Charlotte Moore

Mother of sorrows

Text settings

The Testament of Mary

Colm Tóibín

Viking, pp. 105, £

This novella tells the story of the Crucifixion from the point of view of Mary. Contrary to art historical belief she was not, we are now told, kneeling at the foot of the Cross nor cradling her son’s broken body in her arms. Instead, she left the scene early, slipping away to save her own skin, stealing to meet her needs as she fled. It’s the sort of idea Carol Ann Duffy might make a poem about, except she’d do it with humour, and without Tóibín’s faintly sententious tone. ‘Memory fills my body as much as blood and bones’; there’s a lot of that kind of thing.

Mary is now an old woman, living out her days under surveillance, somewhere far from her native land. It’s probably Greece. It’s a landscape full of goats and olives and temples to Artemis, the ‘old goddess’ whom Mary feels a strong inclination to worship, because she ‘has seen more than I have and suffered more, because she has lived more’.

Mary is watched over by two men, insistent and unwelcome intruders on her solitude. They are not named, but they might be St John and St Paul. ‘There is something hungry and rough in them, a brutality boiling in their blood’; they feed and clothe Mary, but they persecute her too. What they want is her corroboration of their version of events. To them falls the task of creating a faith, of turning the life and death of Mary’s son (he is not named either) into the basis of a creed. Two other men lurk in the shadows, also bent on controlling history. They are ‘the strangler’ and ‘the man who played dice’, and Mary lives in terror of them. These two want her ‘silence’, while the pututive John and Paul ‘are looking for my voice, my witness’.

Mary knows that her version of events will not prevail. Her questioners can write; she cannot read what they have written. They are strong men, she is a frail old woman. She feels the lure of myth-making; in her own dreams and imaginings she finds herself reinventing, casting herself in a starring role: ‘I pulled the thorns out of his head and washed the blood out of his hair.’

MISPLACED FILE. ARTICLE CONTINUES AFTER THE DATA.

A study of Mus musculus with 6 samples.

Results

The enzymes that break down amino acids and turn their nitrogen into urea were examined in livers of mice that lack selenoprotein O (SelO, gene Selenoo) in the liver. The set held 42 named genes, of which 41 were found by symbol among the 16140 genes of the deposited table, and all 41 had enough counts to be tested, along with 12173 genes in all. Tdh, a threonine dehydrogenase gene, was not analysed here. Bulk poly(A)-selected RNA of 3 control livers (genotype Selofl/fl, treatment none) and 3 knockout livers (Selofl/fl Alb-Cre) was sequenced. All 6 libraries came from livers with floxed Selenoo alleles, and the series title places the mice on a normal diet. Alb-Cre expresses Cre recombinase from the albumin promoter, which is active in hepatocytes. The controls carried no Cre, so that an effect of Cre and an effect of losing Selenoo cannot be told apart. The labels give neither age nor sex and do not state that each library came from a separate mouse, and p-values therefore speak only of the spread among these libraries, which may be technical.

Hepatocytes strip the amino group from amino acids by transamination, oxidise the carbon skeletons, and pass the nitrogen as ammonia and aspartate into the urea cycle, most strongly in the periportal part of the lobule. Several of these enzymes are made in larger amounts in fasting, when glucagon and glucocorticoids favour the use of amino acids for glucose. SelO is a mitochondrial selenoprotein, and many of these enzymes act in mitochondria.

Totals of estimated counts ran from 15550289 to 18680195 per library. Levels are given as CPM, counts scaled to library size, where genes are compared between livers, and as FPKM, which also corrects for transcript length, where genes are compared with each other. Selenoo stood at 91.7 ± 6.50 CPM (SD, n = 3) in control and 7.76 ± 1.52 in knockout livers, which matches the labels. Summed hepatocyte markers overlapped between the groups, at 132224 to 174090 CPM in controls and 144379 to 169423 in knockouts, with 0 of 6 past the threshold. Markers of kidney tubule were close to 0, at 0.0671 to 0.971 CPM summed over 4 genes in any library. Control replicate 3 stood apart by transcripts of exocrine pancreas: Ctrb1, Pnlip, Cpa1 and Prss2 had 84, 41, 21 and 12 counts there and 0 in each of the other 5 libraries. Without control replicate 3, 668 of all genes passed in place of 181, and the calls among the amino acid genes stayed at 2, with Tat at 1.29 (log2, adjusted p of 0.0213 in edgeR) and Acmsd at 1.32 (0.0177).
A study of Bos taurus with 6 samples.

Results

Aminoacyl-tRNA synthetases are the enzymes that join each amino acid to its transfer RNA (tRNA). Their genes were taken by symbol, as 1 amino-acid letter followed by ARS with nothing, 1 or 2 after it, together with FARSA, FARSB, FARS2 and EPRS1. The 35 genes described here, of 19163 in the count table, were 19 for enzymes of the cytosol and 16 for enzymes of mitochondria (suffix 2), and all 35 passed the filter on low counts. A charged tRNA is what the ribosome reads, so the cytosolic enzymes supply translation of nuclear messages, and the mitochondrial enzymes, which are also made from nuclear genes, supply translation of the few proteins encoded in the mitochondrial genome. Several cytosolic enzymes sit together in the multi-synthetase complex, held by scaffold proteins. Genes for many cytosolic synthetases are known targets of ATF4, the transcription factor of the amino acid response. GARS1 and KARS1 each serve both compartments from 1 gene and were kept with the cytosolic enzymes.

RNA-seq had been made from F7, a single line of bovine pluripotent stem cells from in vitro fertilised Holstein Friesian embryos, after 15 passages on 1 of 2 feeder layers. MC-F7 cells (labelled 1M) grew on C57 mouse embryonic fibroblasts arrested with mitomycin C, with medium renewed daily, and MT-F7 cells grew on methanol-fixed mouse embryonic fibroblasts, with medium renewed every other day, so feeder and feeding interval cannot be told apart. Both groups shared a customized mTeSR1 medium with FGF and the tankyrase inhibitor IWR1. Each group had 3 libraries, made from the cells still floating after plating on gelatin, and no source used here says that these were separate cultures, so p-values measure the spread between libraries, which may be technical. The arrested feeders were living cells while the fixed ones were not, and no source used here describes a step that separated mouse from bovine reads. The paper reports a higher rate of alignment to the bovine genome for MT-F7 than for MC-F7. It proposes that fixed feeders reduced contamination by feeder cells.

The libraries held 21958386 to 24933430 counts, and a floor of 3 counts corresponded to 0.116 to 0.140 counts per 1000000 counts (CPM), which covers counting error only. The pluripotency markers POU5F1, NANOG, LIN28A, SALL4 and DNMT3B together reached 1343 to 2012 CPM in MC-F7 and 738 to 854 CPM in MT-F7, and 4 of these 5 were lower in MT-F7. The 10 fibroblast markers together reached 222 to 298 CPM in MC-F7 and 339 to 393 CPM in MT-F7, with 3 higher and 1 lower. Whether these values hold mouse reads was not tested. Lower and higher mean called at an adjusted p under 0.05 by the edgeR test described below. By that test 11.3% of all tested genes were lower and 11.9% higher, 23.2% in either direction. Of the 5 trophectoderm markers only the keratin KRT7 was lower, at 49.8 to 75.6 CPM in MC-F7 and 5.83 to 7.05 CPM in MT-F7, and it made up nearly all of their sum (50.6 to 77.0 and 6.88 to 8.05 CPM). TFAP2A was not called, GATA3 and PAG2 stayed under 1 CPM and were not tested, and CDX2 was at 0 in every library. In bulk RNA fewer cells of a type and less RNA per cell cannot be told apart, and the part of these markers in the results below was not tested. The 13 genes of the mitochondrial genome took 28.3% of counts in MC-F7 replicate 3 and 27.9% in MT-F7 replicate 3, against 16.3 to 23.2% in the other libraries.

One of the book’s strengths is the way it deals gently with the confusion of a mind clouded by age and sorrow. But the central fact emerges clearly: Mary did not believe that her son was the Son of God. To her, he was a political idealist who believed in a time to come ‘in which all would be different and all would be better. Such an idea swept through villages like a dry hot wind at that time, and it carried away anyone who was any use, and it carried away my son.’ She understands, and fears, the struggle for ownership of his legend. ‘Everything that happened will become a sweet story that will grow poisonous, as bright berries that hang low on trees.’

The book’s premise is striking, and Tóibín’s handling is subtle. Mary’s ambivalence towards the raising of Lazarus is particularly well done. The examination of the way history is fused from fact and fiction is interesting. But there is something lacking. Tóibín pares his prose down to the point where it seems drained of colour. His is a bold enterprise, sometimes too cautiously executed. I did not find myself believing strongly in any of the characters, and for a book about the nature of belief, that’s a significant problem. Or perhaps it’s part of the point.